Houseworks: Four things to think about before kitchen renovations



Start thinking about how your current kitchen is used and how it could be better. Be especially sure to recognize what works with your current kitchen layout and what doesn’t. Key questions to ask yourself include:

  • Do you like traditional, casual, modern, shaker or solid wood cabinets?
  • Will you be getting more or better pieces of cookware? You need to know what needs to be stored?
  • Will the kitchen be used for more than eating? Does significant paperwork need to happen there? Will computers be used for school work or when working from home?
  • Will the cabinet replacement be part of a major renovation of the space, including new wiring, plumbing, walls and flooring?
  • What broad budget figure do you have in mind?


Step 2: Explore the hardware

Waste bins and recycling centres, spin trays and super Susans, cutlery trays and tray dividers, tilt-outs, spice racks, pullouts, rollouts and more. All these kitchen features use interesting hardware, so expect to see lots of it during the planning phase you have with your contractor.

Step 3: Choose an overall cabinet style


These are the cabinets in Steve’s kitchen, built right in the space they now occupy.
These are the cabinets in Steve’s kitchen, built right in the space they now occupy. Photo by Photo Steve Maxwell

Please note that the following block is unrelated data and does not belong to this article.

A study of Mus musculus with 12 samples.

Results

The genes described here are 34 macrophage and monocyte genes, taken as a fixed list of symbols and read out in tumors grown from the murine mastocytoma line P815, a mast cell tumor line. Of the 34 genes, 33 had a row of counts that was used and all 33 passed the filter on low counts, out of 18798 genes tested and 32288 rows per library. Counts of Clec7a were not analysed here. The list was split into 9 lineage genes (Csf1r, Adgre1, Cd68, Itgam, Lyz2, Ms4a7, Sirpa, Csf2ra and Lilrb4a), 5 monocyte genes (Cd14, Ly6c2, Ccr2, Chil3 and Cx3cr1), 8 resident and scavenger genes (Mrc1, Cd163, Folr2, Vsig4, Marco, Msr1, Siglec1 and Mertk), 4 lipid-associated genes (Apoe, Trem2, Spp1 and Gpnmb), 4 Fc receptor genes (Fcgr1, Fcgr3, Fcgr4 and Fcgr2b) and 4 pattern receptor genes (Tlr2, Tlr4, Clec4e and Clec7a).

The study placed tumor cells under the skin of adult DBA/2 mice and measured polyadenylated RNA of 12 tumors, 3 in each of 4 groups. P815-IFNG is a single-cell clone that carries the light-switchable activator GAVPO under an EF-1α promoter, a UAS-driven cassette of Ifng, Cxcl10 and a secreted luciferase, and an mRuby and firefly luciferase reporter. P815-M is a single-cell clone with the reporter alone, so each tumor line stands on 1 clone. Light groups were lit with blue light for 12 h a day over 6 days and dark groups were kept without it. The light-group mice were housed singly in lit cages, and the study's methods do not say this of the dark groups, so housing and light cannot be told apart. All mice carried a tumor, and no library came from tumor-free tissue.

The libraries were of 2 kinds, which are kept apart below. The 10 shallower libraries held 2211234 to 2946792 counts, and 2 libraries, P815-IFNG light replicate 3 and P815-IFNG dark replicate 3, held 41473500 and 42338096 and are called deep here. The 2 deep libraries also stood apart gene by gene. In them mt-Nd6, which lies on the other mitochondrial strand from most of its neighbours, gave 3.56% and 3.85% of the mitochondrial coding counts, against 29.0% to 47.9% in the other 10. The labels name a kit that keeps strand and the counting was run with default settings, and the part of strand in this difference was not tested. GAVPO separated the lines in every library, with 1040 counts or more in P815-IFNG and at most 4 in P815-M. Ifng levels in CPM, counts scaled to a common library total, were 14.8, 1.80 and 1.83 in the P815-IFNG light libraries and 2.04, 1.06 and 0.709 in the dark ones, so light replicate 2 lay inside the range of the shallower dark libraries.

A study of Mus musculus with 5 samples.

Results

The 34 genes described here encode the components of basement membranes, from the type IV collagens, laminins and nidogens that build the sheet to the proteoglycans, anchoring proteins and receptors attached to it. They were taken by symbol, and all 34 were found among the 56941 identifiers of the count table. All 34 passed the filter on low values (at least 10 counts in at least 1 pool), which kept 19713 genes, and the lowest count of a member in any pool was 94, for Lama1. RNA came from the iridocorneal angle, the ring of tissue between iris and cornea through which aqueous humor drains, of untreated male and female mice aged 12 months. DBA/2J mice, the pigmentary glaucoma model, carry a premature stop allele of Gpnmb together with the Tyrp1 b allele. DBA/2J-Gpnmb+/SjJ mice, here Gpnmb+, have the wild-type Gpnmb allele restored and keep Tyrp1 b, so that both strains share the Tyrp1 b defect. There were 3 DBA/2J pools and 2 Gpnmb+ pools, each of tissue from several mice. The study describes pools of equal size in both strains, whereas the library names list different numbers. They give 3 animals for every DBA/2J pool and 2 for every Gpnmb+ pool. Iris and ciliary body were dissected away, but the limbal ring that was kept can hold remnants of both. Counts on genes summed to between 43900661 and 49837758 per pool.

Step 4: Settle on door styles

Most of what’s seen on a cabinet are the doors (and matching end panels), so focus particular attention on these when planning. Door styles generally go hand-in-hand with the overall cabinet styles you’re presented with during step#3, and they have a huge impact on the overall look. But even within a given style there’s room for choice when it comes to doors. Kitchen cabinet doors are available in solid wood, painted MDF, melamine and other synthetics. Typical door styles include:

  • Raised panel doors: These have the same vertical and horizontal frame members as Shaker doors, but the panel they surround is not flat but has angled edges.
  • Slab doors: As the name suggests, this is just a flat, rectangular door with nothing on the front face except door handles. Slab doors are simple, less expensive and create a modern, contemporary look.
  • Beaded panel doors: This style includes narrow strips of semi-circular trim extending out from the outer edges of the door. Beaded designs are a hallmark of farmhouse kitchen styling.


Steve Maxwell spends time in his woodworking shop most days. Visit him online at for 30-plus years’ worth of articles and videos on home improvements, woodworking and hands-on living.